Compared to a hearing, attending a Mediation might seem like a piece of cake. There’s no cranky Judge throwing curly questions at you, you can stay comfortably in your seat and there are often nice snacks.
But, as the Courts become slower and less certain, alternative dispute resolution processes are becoming less ‘alternative’ and more the standard practice in a Family Law matter.
So, how can you maximise your client’s results at a Family Law Mediation?
- Be prepared.
Although you won’t have a Judge throwing those curly questions at you, or requesting a copy of the only document you can’t seem to lay your hands on, you need to know your matter and file well. You must understand your client’s position on each issue and how they are willing for that issue to be resolved during the Mediation in order to guide them to pursue and secure the best outcome available.
- Prepare your client
You should educate your client about what to expect at Mediation so that they are as relaxed and confident as possible. Check that they know where to park and that they have arranged for someone else to collect the kids from school in case they are delayed. Explain to them that they will need to consider compromising their position in order to reach an agreement. Most importantly, ensure your client has considered how they might compromise their position during the Mediation: what is their BATNA (Best Alternative to a Negotiated Agreement eg. to continue negotiations by correspondence and/or to file Court proceedings), their WATNA (Worst Alternative to a Negotiated Agreement (eg. Giving up) and the costs implications of each alternative.
- Understand what your role is during the Mediation.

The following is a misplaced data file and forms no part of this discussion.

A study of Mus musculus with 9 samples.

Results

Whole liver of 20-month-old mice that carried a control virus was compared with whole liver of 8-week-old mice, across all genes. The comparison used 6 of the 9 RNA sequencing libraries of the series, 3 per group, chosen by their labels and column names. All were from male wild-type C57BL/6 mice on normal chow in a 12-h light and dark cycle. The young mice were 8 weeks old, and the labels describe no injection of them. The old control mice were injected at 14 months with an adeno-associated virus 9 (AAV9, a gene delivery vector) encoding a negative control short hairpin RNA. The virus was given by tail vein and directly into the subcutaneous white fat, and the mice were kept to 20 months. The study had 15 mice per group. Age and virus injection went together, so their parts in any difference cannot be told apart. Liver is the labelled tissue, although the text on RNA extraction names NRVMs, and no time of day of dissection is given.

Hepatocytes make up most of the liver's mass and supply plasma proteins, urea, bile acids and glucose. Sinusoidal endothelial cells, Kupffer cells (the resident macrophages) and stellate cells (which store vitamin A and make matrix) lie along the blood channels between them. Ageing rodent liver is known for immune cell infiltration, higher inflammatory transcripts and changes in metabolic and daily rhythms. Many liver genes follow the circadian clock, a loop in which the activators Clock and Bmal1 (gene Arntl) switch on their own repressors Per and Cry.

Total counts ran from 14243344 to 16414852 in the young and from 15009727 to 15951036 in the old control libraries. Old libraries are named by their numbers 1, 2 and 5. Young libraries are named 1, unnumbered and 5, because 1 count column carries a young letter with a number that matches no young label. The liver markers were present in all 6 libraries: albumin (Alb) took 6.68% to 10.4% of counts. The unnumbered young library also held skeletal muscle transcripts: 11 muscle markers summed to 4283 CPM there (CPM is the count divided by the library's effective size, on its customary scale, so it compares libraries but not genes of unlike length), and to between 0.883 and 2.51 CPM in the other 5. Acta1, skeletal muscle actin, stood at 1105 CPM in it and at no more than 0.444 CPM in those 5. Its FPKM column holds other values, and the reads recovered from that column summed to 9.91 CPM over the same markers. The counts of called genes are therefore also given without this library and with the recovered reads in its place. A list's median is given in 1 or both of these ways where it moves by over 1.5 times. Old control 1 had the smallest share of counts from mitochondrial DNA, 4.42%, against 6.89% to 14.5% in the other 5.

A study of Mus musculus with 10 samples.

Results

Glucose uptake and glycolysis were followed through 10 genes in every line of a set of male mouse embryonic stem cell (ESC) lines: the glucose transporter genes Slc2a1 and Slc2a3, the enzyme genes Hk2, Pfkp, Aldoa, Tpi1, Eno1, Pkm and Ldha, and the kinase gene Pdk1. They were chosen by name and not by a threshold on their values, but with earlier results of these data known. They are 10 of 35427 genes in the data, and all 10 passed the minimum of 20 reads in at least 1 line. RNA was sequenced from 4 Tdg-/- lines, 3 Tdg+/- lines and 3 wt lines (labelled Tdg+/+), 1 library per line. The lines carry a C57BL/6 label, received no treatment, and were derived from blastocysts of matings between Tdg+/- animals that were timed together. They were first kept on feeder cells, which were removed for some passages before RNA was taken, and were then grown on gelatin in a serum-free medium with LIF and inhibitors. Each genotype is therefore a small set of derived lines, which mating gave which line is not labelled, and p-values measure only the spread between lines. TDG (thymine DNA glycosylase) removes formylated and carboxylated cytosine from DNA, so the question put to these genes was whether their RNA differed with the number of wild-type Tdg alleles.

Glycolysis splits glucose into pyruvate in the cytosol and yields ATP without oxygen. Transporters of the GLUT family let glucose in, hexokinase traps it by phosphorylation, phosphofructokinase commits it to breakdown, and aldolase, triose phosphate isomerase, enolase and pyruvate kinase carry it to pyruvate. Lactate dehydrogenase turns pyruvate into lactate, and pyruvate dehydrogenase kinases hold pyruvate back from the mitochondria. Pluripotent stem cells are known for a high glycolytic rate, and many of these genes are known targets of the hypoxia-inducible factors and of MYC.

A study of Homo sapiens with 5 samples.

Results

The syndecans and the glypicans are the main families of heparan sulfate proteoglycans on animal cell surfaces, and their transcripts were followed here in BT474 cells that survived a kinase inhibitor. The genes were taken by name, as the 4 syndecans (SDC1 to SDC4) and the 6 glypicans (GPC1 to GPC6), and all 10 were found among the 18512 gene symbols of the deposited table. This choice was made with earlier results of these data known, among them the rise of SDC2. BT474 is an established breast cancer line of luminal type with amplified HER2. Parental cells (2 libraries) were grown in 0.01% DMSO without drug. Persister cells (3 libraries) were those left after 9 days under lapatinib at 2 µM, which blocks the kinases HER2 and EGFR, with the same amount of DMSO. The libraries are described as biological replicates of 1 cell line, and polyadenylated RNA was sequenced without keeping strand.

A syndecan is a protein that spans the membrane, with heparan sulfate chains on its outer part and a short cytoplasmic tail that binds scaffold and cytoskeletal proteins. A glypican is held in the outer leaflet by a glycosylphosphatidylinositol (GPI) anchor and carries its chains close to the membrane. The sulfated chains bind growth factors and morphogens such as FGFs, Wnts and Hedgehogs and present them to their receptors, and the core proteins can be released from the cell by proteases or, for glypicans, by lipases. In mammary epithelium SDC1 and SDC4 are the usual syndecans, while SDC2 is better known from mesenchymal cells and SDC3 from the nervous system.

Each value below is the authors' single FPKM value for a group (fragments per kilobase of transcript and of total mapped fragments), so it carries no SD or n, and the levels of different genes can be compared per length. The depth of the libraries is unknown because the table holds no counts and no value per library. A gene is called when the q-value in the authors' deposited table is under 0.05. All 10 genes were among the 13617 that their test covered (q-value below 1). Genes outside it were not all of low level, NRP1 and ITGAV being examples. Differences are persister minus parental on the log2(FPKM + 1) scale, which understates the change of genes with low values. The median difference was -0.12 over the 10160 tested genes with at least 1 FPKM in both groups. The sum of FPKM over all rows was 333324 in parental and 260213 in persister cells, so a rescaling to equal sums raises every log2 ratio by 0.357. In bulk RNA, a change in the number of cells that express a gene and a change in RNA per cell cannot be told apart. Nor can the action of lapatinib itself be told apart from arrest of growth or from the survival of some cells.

At the outset of the Mediation, the Mediator may inform you that you are there, not as an advocate, but as an adviser for your client. But what if your client has instructed you to give their Opening Statement as they are too nervous? What if the other party asks your client a question and, unsure of how to respond, your client turns to you? Do you refuse to advocate for your client and tell them they are going to have to speak up? Or can you help your client out by responding directly to the other party? Be guided by the scope of your instructions and your professional obligations. For example, consider Rule 33 of the Legal Profession Uniform Law Australian Solicitors’ Conduct Rules 2015.
- Don’t forget the art of persuasion
While you don’t need to persuade a Judge, you need to persuade the other party that your position is right, or at least that theirs is not. Don’t forget that the best approach during Mediation is to be tough on the issues, but not on the person.
- Don’t walk away without securing what you went for
If the parties reach agreement exactly in the terms that you and your client had hoped for, are you prepared to leave the Mediation in the hope that the other party won’t change their mind before a binding agreement/consent orders are executed? On some occasions, in the spirit of goodwill, agreements are made at Mediation which subsequently fall over as parties retreat to their corners of the ring. Consider preparing a draft Financial Agreement/Consent Orders to be negotiated prior to Mediation, so that the mediated terms can be neatly inserted into the document and execution can take place immediately following the conclusion of the Mediation.